MAGA Bomber

[SIZE=5]Fingerprint, DNA tie suspect to mail bombs, authorities say [/SIZE]

A man in Florida with a lengthy criminal record was arrested and charged Friday with sending 13 packagescontaining improvised explosive devices to high-profile figures across the country, authorities said.

The arrest came on the same day law enforcement found three more devices — in Florida, New York and California — and capped off an increasingly tense five-day stretch in which at least one explosive device was found each day, putting officials and potential targets on high alert. None of the devices detonated. All of them were sent to people who have criticized or clashed with President Trump, and authorities continued to warn Friday that others could still be out there.
Authorities arrested 56-year-old Cesar Sayoc, who according to Florida records has a criminal history dating back decades that included including a past arrest for making a bomb threat.

Sayoc was charged Friday with transporting explosives across state lines, illegally mailing explosives, threatening former presidents and others, threatening interstate communications, and assaulting federal officials, according to charging documents. He could face decades in prison if convicted. It was not immediately clear if he had an attorney.

FBI Director Christopher A. Wray referred to the 13 explosive devices recovered so far as “IEDs,” an abbreviation for improvised explosive devices. He said investigators were able to trace Sayoc after finding a fingerprint on an envelope containing a bomb sent to Rep. Maxine Waters (D-Calif.), and that DNA found on two of the devices was a possible match to a sample previously taken from Sayoc during an earlier arrest in Florida.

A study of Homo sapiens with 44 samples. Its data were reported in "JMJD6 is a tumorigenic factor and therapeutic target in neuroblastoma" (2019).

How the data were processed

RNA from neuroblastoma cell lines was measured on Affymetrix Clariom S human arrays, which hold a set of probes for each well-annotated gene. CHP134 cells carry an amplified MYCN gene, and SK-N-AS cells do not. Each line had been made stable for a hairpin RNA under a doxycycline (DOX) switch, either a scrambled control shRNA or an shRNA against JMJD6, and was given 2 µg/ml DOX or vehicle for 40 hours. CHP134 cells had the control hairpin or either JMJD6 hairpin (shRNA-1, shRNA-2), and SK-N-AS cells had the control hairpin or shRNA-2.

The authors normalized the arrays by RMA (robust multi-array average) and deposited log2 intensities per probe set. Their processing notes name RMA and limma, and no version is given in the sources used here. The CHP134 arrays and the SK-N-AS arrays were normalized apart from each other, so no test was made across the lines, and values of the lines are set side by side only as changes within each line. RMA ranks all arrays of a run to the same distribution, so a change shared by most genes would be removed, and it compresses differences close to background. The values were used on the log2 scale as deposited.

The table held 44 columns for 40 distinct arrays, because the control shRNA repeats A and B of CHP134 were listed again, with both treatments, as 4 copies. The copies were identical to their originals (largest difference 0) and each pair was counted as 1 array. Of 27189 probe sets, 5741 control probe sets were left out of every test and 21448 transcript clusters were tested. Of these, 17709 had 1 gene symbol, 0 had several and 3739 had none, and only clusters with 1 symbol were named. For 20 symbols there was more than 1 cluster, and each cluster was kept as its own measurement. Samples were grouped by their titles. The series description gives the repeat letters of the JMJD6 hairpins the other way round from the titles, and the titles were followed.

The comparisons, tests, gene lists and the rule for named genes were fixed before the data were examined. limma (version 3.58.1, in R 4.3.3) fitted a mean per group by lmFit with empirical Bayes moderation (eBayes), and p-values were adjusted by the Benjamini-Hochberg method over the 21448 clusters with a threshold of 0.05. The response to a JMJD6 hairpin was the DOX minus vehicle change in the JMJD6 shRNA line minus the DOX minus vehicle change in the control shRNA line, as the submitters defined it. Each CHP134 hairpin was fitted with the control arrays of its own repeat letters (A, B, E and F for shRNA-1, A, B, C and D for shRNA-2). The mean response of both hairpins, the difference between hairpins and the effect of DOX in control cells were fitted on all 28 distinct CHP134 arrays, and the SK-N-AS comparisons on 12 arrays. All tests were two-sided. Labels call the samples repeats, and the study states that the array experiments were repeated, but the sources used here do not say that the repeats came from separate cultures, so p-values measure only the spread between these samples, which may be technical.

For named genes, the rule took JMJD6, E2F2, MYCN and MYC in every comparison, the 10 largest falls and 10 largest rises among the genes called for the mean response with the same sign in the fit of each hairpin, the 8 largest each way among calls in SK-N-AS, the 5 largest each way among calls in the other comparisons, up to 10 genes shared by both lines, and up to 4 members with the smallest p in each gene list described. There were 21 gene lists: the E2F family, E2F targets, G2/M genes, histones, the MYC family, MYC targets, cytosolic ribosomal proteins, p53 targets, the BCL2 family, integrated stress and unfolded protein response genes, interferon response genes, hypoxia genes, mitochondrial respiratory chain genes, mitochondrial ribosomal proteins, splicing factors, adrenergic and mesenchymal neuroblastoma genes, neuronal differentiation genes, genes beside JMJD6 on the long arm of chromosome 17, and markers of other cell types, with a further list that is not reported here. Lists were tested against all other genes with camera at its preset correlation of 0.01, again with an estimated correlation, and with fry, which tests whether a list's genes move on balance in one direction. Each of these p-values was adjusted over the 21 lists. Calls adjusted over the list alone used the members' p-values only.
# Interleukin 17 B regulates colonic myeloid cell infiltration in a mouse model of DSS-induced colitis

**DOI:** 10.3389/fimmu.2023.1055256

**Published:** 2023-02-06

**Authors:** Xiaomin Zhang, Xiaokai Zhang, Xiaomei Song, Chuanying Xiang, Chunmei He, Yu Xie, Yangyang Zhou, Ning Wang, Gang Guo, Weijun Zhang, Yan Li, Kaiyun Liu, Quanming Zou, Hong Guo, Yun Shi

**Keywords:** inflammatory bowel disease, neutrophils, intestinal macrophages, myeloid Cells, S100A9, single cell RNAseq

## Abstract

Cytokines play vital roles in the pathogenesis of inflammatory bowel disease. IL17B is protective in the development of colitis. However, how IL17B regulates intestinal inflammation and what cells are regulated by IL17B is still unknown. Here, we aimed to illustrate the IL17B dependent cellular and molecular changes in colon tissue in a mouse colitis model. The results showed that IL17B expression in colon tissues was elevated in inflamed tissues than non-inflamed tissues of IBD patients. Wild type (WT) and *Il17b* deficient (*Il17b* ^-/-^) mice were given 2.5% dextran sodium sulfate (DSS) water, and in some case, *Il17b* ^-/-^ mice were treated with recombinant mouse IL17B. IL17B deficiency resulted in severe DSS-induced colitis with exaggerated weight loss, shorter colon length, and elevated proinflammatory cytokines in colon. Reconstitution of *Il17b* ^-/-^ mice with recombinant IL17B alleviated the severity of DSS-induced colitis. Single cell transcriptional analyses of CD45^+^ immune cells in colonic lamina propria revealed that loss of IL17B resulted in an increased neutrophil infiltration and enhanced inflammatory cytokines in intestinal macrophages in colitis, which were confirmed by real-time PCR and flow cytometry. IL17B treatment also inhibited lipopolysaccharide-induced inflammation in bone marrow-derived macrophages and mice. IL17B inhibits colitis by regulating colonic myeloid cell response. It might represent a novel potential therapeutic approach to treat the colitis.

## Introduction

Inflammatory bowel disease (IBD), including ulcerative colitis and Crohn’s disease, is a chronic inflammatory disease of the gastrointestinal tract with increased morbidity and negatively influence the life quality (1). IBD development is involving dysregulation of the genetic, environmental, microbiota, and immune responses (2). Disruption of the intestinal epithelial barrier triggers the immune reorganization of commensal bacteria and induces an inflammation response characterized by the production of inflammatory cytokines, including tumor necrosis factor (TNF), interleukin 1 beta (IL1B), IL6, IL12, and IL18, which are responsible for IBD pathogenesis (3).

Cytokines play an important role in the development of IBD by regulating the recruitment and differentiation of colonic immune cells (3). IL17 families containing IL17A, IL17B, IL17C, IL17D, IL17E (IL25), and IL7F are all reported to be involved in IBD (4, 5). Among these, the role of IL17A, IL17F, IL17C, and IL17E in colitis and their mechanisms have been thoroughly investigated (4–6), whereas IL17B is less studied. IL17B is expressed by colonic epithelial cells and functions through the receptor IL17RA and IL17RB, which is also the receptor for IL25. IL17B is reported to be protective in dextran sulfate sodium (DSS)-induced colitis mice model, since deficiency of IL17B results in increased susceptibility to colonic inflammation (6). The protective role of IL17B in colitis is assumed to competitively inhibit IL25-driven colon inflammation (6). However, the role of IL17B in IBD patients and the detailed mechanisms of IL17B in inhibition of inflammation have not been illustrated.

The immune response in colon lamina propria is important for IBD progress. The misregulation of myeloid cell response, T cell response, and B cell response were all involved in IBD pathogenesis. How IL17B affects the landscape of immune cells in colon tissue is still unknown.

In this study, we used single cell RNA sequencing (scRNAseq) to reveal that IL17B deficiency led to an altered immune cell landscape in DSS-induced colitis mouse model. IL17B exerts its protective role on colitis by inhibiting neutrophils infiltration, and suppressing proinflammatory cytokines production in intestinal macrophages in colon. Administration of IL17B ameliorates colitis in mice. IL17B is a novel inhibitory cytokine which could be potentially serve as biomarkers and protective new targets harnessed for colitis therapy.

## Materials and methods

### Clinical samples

In this undated photo released by the Broward County Sheriff’s office, Cesar Sayoc is seen in a booking photo, in Miami. Federal authorities took Sayoc, 56, of Aventura, Fla., into custody Friday, Oct. 26, 2018 in Florida in connection with the mail-bomb scare that earlier widened to 12 suspicious packages, the FBI and Justice Department said. (Broward County Sheriff’s Office via AP)

Inside the packages sent to three of the potential targets — former president Barack Obama, former CIA director John Brennan and Waters — was a picture of each person with red "X” marks, according to the criminal complaint filed by federal prosecutors in the Southern District of New York.

Wray declined to say whether the devices could have detonated, saying that investigators are “still trying to determine whether or not they were functional.” But he said they did contain potentially explosive material, adding: “These are not hoax devices.”

The complaint also included details suggesting Sayoc’s antipathy toward the people and organizations targeted, including the news network CNN, where two of the packages were addressed.

“The windows of Sayoc’s van were covered with images including images critical of CNN,” the complaint said. The complaint also identifies a Twitter account that law enforcement officials believe Sayoc used, and noted that account contained misspellings consistent with those seen on the packages. The complaint also said one post made Wednesday criticized George Soros, the billionaire activist, who two days earlier had received an explosive.